Former Toledo quarterback Bruce Gradkowski has joined the Anthony Wayne football staff as a volunteer assistant quarterbacks coach. ASSOCIATED PRESS
Our first thought upon hearing Bruce Gradkowski joined the Anthony Wayne football staff as a volunteer assistant quarterbacks coach was likely the same as yours.
Our second thought: Wait, who is the top assistant quarterbacks coach?
I imagined someone hasn’t looked over his shoulder this much since The Fugitive. In these parts, the most prolific passer in University of Toledo history, NFL veteran, and local celebrity lending a hand on Friday nights would be like Picasso — or, at the very least, Bob Ross — teaching sixth-period art class.
I asked second-year Generals coach Andy Brungard if I could talk to the poor guy who normally shepherds the quarterbacks.
“That’s me,” Brungard said.
Uh, um, oh, yeah, I knew that. What I meant is ... isn’t this great!?
Truth be known, Gradkowski being around really is as neat as it sounds.
“With Bruce, there is no ego,” Brungard said.
“From the start, he said to me, ‘I don't want to at all do anything to go against what you're saying.’ I was like, ‘I want you to say whatever you want to say, and I'll follow you.’ We have a great back-and-forth relationship. He'll ask me questions, and we kind of feed off of each other. He just wants to help.
“Regardless of being an NFL quarterback, he's an excellent mentor and a good coach.”
For the newly retired Gradkowski and a Generals program striving to evolve from their Wing-T offensive past to a more air-it-out spread, the match came at the perfect time.
There was old No. 7 this week cajoling and coaching the Generals’ three quarterbacks, then sweating it out with the team in a series of post-practice 40-yard sprints under the mid-day sun.
It still feels foreign not wearing a helmet of his own this time of year. But after 11 seasons in the NFL — including the last four years playing for his hometown Pittsburgh Steelers — he is at peace with the next chapter.
Gradkowski, 34, passed on pursuing a college or pro coaching job to sow his family’s roots in greater Toledo, where he owns a popular restaurant and will serve as the color analyst on the Rockets’ radio broadcasts this fall.
He works with the Anthony Wayne football team three times per week.
“I'm ready for that next step in my life to see what God has in store,” said Gradkowski, who lives in Maumee with his wife, Miranda, and their three young children.
“I'm excited to be here in Toledo. I can't say enough about how good the City of Toledo and all of the communities here have been to me throughout my career. So it's great to be back in the area and to give back any way I can.”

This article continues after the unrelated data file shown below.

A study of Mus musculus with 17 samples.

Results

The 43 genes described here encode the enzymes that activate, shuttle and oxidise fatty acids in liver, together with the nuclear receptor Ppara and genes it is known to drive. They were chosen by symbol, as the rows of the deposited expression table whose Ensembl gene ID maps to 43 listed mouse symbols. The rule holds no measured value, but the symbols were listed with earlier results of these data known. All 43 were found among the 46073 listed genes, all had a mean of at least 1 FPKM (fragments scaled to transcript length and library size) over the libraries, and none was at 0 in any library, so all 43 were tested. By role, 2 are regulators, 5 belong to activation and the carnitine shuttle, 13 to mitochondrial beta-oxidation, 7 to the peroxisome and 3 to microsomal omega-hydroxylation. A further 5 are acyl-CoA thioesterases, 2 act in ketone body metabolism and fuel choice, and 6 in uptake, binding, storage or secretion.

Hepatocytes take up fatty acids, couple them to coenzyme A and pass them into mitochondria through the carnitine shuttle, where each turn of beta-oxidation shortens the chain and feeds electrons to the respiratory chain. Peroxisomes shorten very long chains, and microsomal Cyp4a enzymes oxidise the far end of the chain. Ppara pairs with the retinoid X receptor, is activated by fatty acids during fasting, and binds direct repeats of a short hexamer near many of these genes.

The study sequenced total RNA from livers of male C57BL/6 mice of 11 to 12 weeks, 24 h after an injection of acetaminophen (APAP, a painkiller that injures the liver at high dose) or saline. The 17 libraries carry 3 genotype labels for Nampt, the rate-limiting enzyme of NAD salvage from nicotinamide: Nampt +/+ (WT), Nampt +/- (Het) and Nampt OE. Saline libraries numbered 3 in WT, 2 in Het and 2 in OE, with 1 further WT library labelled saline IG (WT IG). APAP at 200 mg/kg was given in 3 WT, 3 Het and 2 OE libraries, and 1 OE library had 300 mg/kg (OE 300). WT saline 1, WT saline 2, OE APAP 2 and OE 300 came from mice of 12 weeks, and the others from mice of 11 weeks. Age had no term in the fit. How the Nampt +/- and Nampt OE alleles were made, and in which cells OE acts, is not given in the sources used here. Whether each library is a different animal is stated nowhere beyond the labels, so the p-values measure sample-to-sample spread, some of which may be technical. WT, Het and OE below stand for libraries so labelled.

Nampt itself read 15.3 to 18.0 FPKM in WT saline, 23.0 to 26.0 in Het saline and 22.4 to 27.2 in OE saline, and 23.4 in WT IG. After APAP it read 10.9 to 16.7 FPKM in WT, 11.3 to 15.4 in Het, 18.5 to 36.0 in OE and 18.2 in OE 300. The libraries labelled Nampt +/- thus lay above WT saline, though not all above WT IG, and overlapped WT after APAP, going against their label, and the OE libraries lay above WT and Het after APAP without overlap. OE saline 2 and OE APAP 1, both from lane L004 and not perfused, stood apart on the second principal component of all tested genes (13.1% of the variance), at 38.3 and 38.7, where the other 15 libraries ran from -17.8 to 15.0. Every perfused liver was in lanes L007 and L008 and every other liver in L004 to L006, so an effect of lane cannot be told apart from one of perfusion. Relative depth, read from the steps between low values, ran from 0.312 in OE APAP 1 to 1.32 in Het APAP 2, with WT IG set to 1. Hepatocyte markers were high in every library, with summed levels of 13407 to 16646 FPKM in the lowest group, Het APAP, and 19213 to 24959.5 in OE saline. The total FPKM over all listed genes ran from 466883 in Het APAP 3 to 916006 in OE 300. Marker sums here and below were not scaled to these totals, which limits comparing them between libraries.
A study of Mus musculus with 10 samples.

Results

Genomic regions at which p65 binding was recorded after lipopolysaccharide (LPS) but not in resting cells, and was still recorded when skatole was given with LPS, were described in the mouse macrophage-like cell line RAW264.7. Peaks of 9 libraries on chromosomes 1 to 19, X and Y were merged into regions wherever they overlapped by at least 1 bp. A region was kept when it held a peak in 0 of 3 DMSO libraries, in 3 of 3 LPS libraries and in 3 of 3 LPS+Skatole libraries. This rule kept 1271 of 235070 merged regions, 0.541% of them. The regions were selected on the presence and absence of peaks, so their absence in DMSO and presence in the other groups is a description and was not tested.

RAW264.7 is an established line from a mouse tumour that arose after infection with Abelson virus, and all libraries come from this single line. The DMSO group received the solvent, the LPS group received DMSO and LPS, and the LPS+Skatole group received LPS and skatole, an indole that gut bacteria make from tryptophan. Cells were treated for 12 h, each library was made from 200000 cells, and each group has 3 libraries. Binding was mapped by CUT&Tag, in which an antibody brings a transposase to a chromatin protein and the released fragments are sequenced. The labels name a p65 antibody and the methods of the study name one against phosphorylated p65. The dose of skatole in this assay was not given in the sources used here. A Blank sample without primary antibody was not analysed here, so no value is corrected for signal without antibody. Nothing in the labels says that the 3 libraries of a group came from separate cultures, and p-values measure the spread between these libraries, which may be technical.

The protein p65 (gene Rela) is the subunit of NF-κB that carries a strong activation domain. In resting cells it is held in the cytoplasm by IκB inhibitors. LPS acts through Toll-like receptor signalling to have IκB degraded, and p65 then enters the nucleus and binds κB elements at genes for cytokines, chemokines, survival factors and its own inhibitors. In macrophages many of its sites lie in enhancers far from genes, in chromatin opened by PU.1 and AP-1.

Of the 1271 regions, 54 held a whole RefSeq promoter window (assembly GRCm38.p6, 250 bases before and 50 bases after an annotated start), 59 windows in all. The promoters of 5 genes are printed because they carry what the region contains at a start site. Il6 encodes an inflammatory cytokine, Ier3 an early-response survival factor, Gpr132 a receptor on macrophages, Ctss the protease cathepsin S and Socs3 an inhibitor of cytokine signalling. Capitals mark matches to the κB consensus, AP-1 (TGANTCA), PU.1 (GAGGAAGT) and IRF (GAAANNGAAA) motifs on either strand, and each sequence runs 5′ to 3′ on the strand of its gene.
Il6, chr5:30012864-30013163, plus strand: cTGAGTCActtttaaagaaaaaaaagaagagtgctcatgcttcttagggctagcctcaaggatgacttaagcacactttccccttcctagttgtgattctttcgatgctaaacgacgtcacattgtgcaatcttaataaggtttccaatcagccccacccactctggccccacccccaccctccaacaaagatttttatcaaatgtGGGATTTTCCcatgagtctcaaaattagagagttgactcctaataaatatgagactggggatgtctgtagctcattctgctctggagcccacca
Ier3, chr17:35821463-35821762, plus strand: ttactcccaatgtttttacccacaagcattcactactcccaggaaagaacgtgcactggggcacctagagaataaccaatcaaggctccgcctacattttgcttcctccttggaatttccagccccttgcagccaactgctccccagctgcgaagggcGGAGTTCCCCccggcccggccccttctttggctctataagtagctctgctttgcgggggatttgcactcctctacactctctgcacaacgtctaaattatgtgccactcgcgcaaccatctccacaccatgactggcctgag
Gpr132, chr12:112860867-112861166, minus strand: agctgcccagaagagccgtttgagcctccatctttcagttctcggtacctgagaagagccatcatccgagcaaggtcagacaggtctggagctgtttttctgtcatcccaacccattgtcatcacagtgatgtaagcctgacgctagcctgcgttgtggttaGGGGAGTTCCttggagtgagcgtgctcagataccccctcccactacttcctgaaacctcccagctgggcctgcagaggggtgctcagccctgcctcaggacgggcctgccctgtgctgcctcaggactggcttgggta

His volunteer gig is proving a major coup for Anthony Wayne.
This is not to say the Generals needed Gradkowski. They would have been just fine as it were. Brungard, a 2005 University of Findlay graduate, is one of the area’s best young coaches. Make that one of the area’s best coaches. In his first season as the boss, the Generals made a storybook run to the Division II state semifinals.
But, incidentally, while Brungard assumes the roles of offensive coordinator and quarterbacks coach, his bailiwick is the other side of the line. Brungard played linebacker at Findlay and spent seven seasons as Perrysburg’s defensive coordinator before his hire at AW, where he succeeded program wins leader Craig Smith. He switched sides as head coach because he felt more comfortable teaching an assistant his defense than his preferred offense.
In Gradkowski, whom the coach met last summer when the quarterback was training on the high school field, the Generals gained invaluable expertise.
The former Rockets’ star is part assistant, part consultant. He drills the quarterbacks — incumbent starter Nick Schneider, junior Max Denman, and sophomore Zach Szul — on their fundamentals, putting them through the same workouts he did in the NFL. One such exercise features Gradkowski hurling basketballs to simulate the pressure and frenzy of a pass rush.
More than that, though, Gradkowski has changed the way the passers see the game. They are now aspiring pigskin savants.
“It’s all the little things he points out after the play,” Schneider said. “He shows us how to read the defense.”
Say, the Generals are running a trips formation, a staple in which three receivers — the trips receivers — line up on the same side of the field. “The biggest thing he explained to us was how to read our X [receiver] backside. For me, a lot of times I was reading trips frontside,” Brungard said. “So we talked about different defensive coverages, whether it’s Cover 3 or Cover 4, and how to use our X receiver backside as our first read versus looking frontside. We were looking at the trips receivers first every time. Now, with Bruce in the mix, he's telling us whether we should be reading the X or reading the trips, and how to include our running back in the passing game.”
Got all that?
What matters is the players do. With another year in the spread offense and the addition of Gradkowski and new receivers coach Jonathan Sandwisch — who instructed the quarterbacks at Bluffton University last season — the Generals are ready to let it fly.
“In Year 2, we've gone through a couple team sessions where we haven't dropped a ball,” Brungard said. “Last year, we went through a couple sessions where we were just trying to catch a ball.”
For the man who dished out touchdowns like nobody in Toledo history, it may be his most rewarding assist yet.
“These young kids, they're so excited to learn and they work hard every day,” Gradkowski said. “Anything I can give to them to help them on their path, that's rewarding for me.”